South Africa’s opposition party, the Democratic Alliance, staged a protest rally Wednesday in downtown Johannesburg that produced more than a little tension on both sides. The march is a precursor to the South African general elections scheduled for May 7th.
The Democratic Alliance marched with the intention of sending a message to the current ruling party of South Africa, the African National Congress (ANC). The ANC is considered the standard bearer for protest in South Africa, having challenged the authority of white minority rule back in the 1990’s, culminating in the official end of apartheid and the election of Nelson Mandela through multi-racial democratic elections.
The two sides squared off as the Democratic Alliance attempted to march near ANC headquarters, causing some ruling party members to throw bricks in the direction of protesters. Things got worse from there, and most reports seem to indicate much of the aggression came from ANC activists trying to prevent opposition party members from marching closer to their headquarters. In addition to bricks being used, there have been reports of the use of Molotov cocktails as well.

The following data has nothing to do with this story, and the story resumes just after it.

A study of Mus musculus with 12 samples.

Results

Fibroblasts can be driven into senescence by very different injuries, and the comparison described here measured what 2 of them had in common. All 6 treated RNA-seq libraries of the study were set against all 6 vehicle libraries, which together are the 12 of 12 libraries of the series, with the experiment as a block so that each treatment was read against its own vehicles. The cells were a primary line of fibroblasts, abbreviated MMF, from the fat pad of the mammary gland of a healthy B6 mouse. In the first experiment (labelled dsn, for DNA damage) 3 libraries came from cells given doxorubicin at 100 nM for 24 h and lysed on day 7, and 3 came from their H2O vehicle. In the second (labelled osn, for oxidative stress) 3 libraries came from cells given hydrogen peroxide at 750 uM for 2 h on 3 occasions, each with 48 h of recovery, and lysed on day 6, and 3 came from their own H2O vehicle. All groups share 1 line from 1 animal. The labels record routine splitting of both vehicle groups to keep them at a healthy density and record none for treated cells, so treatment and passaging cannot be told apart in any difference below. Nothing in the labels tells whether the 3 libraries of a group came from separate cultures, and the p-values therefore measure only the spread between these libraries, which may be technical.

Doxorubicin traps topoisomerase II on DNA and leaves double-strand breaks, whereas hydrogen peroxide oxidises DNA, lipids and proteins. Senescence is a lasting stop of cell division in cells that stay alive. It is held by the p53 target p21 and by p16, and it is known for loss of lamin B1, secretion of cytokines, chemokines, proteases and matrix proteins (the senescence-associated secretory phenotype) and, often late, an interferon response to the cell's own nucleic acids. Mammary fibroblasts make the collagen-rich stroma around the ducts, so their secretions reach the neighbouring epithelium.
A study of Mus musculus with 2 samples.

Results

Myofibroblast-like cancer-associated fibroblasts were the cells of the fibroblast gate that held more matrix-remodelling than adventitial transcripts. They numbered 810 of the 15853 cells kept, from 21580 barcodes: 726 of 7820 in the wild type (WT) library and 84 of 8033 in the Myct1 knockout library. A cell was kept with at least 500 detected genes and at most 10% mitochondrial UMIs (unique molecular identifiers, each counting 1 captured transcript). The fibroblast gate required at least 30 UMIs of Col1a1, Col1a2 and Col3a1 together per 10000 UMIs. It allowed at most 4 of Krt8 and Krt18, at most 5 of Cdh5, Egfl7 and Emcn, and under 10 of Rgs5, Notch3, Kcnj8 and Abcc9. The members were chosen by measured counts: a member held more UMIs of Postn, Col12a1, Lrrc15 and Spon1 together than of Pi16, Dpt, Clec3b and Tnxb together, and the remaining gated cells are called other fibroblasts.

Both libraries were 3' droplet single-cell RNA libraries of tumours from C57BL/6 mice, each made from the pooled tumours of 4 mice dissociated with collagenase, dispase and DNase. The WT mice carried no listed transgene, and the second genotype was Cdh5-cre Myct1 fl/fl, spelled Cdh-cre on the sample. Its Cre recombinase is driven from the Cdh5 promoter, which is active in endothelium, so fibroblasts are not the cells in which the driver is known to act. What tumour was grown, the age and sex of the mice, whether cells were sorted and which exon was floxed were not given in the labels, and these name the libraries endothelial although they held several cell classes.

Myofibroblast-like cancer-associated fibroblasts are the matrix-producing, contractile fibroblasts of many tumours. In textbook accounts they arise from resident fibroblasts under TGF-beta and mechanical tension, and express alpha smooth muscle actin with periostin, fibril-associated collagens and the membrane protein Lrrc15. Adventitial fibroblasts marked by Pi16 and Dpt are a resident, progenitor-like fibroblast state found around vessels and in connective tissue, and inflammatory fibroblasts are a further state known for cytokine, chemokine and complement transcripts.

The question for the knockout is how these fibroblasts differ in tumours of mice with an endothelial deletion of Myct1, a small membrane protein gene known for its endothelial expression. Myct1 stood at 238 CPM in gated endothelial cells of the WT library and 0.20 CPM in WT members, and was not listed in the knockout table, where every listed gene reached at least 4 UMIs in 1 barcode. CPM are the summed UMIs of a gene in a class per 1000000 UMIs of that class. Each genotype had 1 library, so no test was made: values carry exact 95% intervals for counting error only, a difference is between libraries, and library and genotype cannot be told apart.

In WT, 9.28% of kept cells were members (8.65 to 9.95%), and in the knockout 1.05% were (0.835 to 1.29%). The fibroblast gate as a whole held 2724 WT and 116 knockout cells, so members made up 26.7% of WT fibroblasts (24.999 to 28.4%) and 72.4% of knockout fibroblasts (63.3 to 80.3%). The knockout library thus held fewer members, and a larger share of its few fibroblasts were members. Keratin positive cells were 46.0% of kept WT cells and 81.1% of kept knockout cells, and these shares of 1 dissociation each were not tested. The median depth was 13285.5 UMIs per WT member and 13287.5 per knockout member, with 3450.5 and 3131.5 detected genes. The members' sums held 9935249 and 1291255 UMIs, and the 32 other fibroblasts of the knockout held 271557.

Police on the scene were able to suppress much of the ANC aggression through the use of stun grenades and rubber bullets. At one point during the demonstration they even joined together to create a human barrier in an effort to keep the two sides apart.
However, the Democratic Alliance did not seem to be pleased with security at the scene. Alliance leader Helen Zille stated the ANC was “above the law”, an obvious implication that the police may not have been interesting in restraining the ruling party. A police spokesman said of the rally: “The march was fairly peaceful until our members were pelted with stones and petrol bombs from the ANC side.”
Professor Daryl Glaser, head of the political studies department at the University of the Witwatersrand in Johannesburg, attempted to articulate the motivations of the Democratic Alliance in regard to the political rally, stating they were trying to “exercise some command of that marching mode, public protest mode, which has been something of a monopoly of the ANC.”
Despite evidence to the contrary, ANC representatives claimed the Democratic Alliance were the cause of heightening tensions, exclaiming: “They are taking us back to an era when violence and conflict defined our political environment.”
While this demonstration did not reach the levels of apartheid-era unrest in South Africa, there was enough tension and conflict to suggest matters may only escalate further leading up to the general elections in May.